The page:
The discovery of the men and boys, carried south on a fishing trawler then hidden in secret camps on swampy islands north of Phuket, has raised many questions about human trafficking in Thailand.
Those questions now need to be answered by the military government.
Activists in the Andaman coastal town of Takuapa are leading moves to have international standards of verification and treatment applied to all boatpeople from Bangladesh and Burma.
Men, women and children have arrived by the thousands in recent years, sparking a covert cottage industry of trading in people.
The newest arrivals this week told their rescuers that, with one exception, they had been kidnapped by gangs in Bangladesh and carried south from the port of Cox's Bazaar in the hold of a fishing trawler, against their will.
In extended interviews at a Takuapa community hall with Christian, Muslim and Buddhist activists, the men and boys, with that one exception, claimed to have been taken by kidnappers.
More than 40 wrote their names and their home telephone numbers on a list, which Phuketwan later passed on to the Bangladesh embassy in Bangkok so that their families could be notified that their menfolk were safe in Thailand.
People who answered the telephone calls to the first two names on the list told the embassy that the men involved were travelling voluntarily to Malaysia in search of work, an embassy consular official reported.
Kidnapping is not common in Bangladesh, the official said.
The embassy is now awaiting authorisation from Thailand's Ministry of Foreign Affairs to organise interviews with all of the new arrivals.
Based on what's learned from telephone calls to all of the families on the list, some of the men may revise their accounts.
''It's not unusual for boatpeople to tell lies out of fear,'' said Chris Lewa of the Arakan Project, which plots migration across the Bay of Bengal. ''We have previously encountered people who say they have been kidnapped, but never in such large numbers.''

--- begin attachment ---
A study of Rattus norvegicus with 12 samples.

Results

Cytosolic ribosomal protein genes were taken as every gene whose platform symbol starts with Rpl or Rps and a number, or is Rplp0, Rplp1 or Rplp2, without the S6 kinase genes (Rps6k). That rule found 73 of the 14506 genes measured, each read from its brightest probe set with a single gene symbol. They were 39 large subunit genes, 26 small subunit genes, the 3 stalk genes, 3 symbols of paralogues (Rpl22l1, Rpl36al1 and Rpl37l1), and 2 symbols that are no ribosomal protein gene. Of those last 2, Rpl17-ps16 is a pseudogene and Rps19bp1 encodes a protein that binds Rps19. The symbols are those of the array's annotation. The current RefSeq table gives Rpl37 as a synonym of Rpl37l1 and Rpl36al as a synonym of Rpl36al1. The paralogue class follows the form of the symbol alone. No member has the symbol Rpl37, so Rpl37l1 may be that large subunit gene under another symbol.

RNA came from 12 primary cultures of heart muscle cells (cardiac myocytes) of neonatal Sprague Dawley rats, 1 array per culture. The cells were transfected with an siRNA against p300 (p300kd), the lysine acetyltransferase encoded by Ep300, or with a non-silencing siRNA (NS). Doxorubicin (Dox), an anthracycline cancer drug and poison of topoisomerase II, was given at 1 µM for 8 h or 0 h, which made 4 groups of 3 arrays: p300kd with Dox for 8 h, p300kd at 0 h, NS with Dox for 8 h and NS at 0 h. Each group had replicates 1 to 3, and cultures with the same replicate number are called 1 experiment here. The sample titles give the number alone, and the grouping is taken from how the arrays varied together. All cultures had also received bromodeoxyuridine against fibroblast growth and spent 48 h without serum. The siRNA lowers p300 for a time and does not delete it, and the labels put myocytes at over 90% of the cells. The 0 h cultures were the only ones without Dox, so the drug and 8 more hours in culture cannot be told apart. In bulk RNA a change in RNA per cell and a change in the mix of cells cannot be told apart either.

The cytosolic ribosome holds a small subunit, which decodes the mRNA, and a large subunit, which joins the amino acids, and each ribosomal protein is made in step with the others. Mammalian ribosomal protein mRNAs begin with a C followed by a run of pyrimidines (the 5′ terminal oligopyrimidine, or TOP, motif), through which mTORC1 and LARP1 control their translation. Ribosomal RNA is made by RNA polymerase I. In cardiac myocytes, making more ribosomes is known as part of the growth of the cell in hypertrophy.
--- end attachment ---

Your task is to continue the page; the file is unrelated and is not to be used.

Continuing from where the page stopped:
Kidnap victims or voluntary travellers, the men and boys said they did not agree to be abused by their captors or deprived of food. Several of the rescued group have since required hospital treatment.
The boatload from Bangladesh comes at the beginning of the so-called ''safe'' sailing season when persecuted Rohingya stream south, fleeing ethnic cleansing in Burma, also known as Myanmar.
Among the recent arrivals are 16 stateless Rohingya, but they are long-term residents of a refugee camp in neighboring Bangladesh.
Whether the refugees will be repatriated along with the Bangladeshi citizens remains to be seen.
Human trafficking has become a way of life for growing networks along Thailand's Andaman coast, primarily in the provinces of Ranong and Phang Nga, close to the border with Burma, and in Satun and Songkhla, on the border with Malaysia.
The fine point about whether the boatpeople are victims of people smugglers or human traffickers has been made irrelevant because of the abuse - including rapes and killings - that has taken place in the hidden jungle camps of southern Thailand.
Police along the Andaman coast are inclined to categorise all boatpeople as illegal immigrants, making their jobs simpler, keeping the human trafficking tally low and leaving others to find the budget to feed and sustain the unwanted arrivals.
That suits the traffickers just fine. With few questions asked, the boatpeople are processed according to Thai law - and are soon travelling south again.
With the long sailing season just beginning and stretching through until April next year, the Director of Takuapa District, Manit Pleantong, is taking the matter into his own hands.
The reason: he wants Thailand freed from the taint of human trafficking.
He now has the support of the Phang Nga Governor, Prayoon Rattanaseri, and a growing number of residents who are becoming activists to halt the trade in people through Thailand.
Now it's time for the officials to do their jobs properly. Three Thai men are being held by police over the Bangladeshi boatpeople.